Flu Hospitalizations Soar Among Older Adults, Report Finds


Since October, the rate of flu hospitalizations among U.S. adults ages 65 and over has been 258 hospitalizations per 100,000 people, the report found. Previously, the highest rate was during the 2012 to 2013 flu season, when there were 183 flu hospitalizations per 100,000 people ages 65 and older, the report said. Health officials started keeping track of flu hospitalizations in 2005.

For the U.S. population as a whole, the flu hospitalization rate this season was about 52 hospitalizations per 100,000 people, which is higher than the rates for the past three flu seasons, the report said. [6 Flu Vaccine Myths]

One reason the flu is more severe this year could be the types of flu strains that are circulating. The most common strain of flu this season is H3N2, and health officials know that in years when this flu strain predominates, there tend to be more hospitalizations and deaths.

A study published earlier this year also found that this year's flu vaccine is not very effective at preventing the flu, likely because the strains in the vaccine are not a good match to the strains in circulation.

But the CDC still recommends flu vaccinations, because they still may prevent some flu infections. And people who get vaccinated and then do get sick with the flu may have less severe symptoms — and lower likelihood of hospitalization — than those who skip the flu shot, the CDC said.

It is also important that people who are hospitalized with the flu, or who get sick and are at high risk for complications from the flu, receive prompt treatment with antiviral drugs, the CDC said.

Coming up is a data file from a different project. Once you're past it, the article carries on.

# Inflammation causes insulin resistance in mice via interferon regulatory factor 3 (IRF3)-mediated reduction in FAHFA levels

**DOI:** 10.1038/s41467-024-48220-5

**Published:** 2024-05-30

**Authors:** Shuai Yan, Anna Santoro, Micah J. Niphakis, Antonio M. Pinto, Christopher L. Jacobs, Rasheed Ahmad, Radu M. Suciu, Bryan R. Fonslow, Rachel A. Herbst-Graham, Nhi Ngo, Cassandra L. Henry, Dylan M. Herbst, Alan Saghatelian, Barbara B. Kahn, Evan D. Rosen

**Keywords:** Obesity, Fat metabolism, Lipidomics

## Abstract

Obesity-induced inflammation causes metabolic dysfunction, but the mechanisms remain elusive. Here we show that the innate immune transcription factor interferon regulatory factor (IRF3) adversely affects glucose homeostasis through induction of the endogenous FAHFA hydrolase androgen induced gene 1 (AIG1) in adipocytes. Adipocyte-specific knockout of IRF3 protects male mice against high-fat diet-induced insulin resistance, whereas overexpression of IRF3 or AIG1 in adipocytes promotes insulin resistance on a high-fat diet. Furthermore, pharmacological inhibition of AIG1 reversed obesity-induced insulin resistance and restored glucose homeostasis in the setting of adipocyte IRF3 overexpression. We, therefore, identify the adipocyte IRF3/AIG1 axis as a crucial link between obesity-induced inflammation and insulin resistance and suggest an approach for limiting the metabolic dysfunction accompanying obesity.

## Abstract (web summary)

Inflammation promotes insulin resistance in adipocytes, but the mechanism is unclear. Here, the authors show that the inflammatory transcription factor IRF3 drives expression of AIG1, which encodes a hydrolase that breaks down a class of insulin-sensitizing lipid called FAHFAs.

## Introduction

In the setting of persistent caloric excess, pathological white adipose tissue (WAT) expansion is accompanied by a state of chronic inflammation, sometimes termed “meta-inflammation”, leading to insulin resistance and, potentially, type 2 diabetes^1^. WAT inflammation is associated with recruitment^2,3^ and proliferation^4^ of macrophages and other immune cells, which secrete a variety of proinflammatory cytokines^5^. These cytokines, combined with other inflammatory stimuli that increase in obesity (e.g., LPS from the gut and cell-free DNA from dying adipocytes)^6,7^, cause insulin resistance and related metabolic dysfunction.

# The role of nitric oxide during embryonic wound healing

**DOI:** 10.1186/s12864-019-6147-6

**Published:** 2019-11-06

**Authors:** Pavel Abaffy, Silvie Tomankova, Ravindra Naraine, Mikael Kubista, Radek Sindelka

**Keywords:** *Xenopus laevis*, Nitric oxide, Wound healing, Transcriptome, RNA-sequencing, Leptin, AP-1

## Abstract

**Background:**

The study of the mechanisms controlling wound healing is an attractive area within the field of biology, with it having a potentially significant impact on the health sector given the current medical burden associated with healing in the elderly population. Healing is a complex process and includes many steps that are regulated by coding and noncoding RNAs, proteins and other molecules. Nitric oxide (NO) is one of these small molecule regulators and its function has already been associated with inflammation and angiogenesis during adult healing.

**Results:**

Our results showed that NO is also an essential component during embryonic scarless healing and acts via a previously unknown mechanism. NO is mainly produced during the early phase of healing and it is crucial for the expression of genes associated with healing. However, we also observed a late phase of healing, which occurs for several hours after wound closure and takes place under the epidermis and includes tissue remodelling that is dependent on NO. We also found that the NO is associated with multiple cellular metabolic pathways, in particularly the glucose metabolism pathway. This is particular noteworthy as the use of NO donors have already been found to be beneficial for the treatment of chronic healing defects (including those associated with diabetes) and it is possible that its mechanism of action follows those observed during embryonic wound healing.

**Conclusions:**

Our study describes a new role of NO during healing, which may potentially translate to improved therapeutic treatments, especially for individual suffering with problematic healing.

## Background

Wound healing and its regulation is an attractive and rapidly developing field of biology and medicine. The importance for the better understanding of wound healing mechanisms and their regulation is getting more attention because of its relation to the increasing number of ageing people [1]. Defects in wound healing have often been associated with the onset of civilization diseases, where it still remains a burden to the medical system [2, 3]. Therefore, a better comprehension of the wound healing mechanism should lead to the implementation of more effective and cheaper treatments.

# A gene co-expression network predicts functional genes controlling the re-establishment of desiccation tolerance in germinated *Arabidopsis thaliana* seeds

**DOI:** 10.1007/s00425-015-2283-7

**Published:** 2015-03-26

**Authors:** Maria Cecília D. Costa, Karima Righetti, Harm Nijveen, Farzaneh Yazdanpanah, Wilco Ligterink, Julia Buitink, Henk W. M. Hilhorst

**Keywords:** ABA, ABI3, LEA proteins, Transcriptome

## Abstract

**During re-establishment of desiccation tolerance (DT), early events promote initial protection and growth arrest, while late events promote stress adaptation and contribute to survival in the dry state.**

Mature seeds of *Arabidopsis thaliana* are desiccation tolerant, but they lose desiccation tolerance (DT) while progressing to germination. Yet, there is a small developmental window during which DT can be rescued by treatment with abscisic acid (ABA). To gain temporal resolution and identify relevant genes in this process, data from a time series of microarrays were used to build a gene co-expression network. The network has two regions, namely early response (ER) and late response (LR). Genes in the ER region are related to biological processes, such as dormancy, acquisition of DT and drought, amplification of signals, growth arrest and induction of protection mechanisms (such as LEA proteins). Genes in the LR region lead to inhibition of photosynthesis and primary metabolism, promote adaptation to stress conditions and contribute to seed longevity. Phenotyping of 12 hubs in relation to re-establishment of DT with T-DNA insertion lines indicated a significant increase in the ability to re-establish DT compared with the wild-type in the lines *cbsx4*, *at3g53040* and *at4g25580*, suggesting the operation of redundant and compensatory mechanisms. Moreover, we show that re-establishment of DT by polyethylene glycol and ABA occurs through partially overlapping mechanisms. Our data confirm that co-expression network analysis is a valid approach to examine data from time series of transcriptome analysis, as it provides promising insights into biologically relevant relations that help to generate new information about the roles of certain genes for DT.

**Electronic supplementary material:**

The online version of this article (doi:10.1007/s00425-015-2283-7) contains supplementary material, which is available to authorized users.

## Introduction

This flu season does not appear to be as deadly as previous flu seasons. This flu season, the proportion of all deaths in the United States that were attributed to pneumonia or influenza peaked at 9.3 percent, which is lower than during the 2012 to 2013 flu season, when the proportion reached 9.9 percent.

But this year's flu season is still not over. Health officials say that flu season could continue for a few more weeks.

Follow Rachael Rettner @RachaelRettner. Follow Live Science @livescience, Facebook & Google+. Original article on Live Science.

Rachael Rettner

Rachael is a Live Science contributor, and was a former channel editor and senior writer for Live Science between 2010 and 2022. She has a master's degree in journalism from New York University's Science, Health and Environmental Reporting Program. She also holds a B.S. in molecular biology and an M.S. in biology from the University of California, San Diego. Her work has appeared in Scienceline, The Washington Post and Scientific American.